Elite 'Women in Science' fellowship to fund postdoc's study of deep-sea methane
A L'Oreal USA Fellowship for Women in Science has been awarded to Florida State University alumna Laura Lapham, a postdoctoral research assistant and courtesy faculty member in FSU's Department of Oceanography, and this year, one of just five young women scientists in the nation selected for the prestigious $40,000 prize.
The L'Oreal USA Fellowships for Women in Science program—administered by the American Association for the Advancement of Science (AAAS)—was launched in 2003 to help women in science achieve their goals by providing them with funding to help support 12 months of postdoctoral research. Highly competitive, the fellowships are bestowed each year on a small, elite group of researchers from the fields of mathematics, engineering, technology (including computer science), and the life and physical/material sciences.
For 2008, Lapham, 33, a native of Sarasota, Fla., was one of 196 applicants.
Those fellowships represent a much-needed investment. In the United States, women earn half of all science degrees and comprise half of the total workforce yet hold just 20 percent of the science jobs.
Lapham's $40,000 award will underwrite new instrumentation essential to her geochemical research in the Gulf of Mexico on the formation and decomposition of deep-sea gas hydrates—ice-like crystalline formations containing methane gas within the ice lattice.
"There is a lot of interest in gas hydrate deposits as a potential energy source," said Lapham, who collects samples of the hydrates, found in oceanic sediments on the sea floor, via a manned submersible vehicle. "Deposits of hydrates are thought to be the world's largest reservoir of methane, a powerful greenhouse gas and fossil fuel."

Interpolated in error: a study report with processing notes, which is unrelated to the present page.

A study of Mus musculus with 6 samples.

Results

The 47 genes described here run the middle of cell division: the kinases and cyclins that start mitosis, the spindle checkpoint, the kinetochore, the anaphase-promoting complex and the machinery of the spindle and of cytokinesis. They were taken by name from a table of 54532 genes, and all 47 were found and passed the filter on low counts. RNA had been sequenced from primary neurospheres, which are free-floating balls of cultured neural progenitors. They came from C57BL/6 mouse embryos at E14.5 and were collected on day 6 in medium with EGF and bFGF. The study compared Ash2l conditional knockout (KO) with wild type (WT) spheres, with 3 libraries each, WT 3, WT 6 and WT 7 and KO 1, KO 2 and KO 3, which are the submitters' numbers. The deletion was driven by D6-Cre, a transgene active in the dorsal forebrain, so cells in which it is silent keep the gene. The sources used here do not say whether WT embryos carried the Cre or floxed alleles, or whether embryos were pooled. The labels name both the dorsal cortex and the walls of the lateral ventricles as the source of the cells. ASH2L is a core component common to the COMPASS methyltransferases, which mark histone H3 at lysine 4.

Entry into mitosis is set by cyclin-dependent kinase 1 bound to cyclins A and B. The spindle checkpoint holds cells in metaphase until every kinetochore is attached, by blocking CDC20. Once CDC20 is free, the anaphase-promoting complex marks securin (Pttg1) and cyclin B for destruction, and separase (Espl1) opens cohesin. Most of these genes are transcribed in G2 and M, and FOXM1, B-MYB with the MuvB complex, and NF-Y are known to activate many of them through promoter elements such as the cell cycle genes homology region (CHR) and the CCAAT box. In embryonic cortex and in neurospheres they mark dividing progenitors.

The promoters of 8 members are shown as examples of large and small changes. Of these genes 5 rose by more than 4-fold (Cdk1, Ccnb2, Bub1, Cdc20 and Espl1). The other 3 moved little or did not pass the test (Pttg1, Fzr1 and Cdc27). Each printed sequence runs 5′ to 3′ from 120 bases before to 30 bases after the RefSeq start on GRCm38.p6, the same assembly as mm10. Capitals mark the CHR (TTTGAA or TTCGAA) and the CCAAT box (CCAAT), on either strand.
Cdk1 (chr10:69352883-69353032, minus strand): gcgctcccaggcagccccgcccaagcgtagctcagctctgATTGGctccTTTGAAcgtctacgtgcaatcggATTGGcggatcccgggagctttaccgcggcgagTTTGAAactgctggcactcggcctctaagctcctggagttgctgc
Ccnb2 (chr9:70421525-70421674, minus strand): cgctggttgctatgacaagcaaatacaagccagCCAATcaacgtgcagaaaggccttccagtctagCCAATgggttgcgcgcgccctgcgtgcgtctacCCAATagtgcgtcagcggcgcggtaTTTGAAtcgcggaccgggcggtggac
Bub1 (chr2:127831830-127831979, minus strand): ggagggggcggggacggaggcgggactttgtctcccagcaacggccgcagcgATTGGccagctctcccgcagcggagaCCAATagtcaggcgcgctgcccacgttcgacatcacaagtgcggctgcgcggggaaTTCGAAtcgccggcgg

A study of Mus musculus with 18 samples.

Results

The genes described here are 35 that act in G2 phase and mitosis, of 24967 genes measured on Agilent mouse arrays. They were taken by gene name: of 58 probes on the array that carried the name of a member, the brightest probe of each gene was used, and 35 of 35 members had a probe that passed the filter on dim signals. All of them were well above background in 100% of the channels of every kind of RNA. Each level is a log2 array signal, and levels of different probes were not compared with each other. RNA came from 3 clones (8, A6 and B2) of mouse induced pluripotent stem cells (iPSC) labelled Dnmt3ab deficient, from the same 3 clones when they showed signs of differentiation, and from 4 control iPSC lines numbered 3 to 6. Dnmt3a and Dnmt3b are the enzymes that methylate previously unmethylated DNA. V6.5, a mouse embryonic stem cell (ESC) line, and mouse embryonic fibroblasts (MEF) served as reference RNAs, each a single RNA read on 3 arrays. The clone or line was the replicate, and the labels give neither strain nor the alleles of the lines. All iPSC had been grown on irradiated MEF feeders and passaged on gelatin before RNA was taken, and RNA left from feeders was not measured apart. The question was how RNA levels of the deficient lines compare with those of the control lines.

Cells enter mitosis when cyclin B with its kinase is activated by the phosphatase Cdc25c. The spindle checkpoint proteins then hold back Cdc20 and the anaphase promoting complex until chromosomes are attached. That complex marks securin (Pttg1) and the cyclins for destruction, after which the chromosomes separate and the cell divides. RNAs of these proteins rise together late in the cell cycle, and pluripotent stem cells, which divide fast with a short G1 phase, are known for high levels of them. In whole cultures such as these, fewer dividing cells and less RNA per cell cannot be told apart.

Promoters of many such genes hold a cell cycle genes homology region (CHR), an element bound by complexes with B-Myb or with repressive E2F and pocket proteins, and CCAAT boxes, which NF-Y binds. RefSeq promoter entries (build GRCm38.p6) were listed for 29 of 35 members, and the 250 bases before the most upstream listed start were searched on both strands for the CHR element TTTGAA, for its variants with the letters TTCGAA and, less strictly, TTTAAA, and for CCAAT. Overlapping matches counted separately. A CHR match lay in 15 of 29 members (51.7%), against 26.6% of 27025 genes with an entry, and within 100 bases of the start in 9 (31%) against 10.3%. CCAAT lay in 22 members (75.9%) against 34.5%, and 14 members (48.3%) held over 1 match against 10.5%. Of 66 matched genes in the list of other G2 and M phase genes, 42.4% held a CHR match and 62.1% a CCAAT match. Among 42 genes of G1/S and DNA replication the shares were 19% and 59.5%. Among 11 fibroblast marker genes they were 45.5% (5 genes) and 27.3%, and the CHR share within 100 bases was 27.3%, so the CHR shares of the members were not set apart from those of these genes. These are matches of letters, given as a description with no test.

She noted that while hydrates are generally stable under high pressure, low temperature and saturated methane conditions such as those found in oceanic sediments and arctic permafrost, if they are destabilized, large amounts of methane could be lost from ocean sediments and reach the atmosphere.
"That's a concern," Lapham said, "because studies have suggested that methane-filled hydrates have been agents of climate change in the geologic past."
After graduating from FSU in 1997 with a Bachelor of Science degree in chemistry, Lapham earned her Ph.D. in Marine Sciences from the University of North Carolina-Chapel Hill in 2007—where as it happens, her advisor was both an undergraduate and graduate alumnus of FSU. In April 2007 she returned to FSU as a "post-doc" in the oceanography department. There, she assists Professor Jeff Chanton, with his research while also pursuing her own, and helps train graduate students in the department's laboratory.
It's been a banner year for Lapham.
In addition to the $40,000 Women in Science fellowship she recently received, earlier this year the National Research Council (NRC) awarded her $50,000 in support of her research and also is providing the funding for her two-year courtesy faculty position at FSU.
What brought Lapham back to her undergraduate alma mater?
"I first worked for Jeff Chanton as an undergraduate here in the '90s, and then, like now, I was always impressed not only with his contagious excitement about his research but also with the type of research being conducted in the FSU oceanography department," Lapham said. "So often it has some noteworthy impact on the state of Florida, and that's what appeals most to me—conducting research for a purpose, and finding answers to questions that the average person really cares about."
The 2008 L'Oreal USA Women in Science Fellowship competition culminated in late May with three days of events in New York City that included an awards ceremony, media training, networking opportunities and professional development workshops for the winners. Sponsored by the AAAS, the workshops comprised topics such as job search techniques, budget development for grant requests and strategies for peer-reviewed publication.
Two days later Lapham was at sea, pursuing her research in the Gulf of Mexico.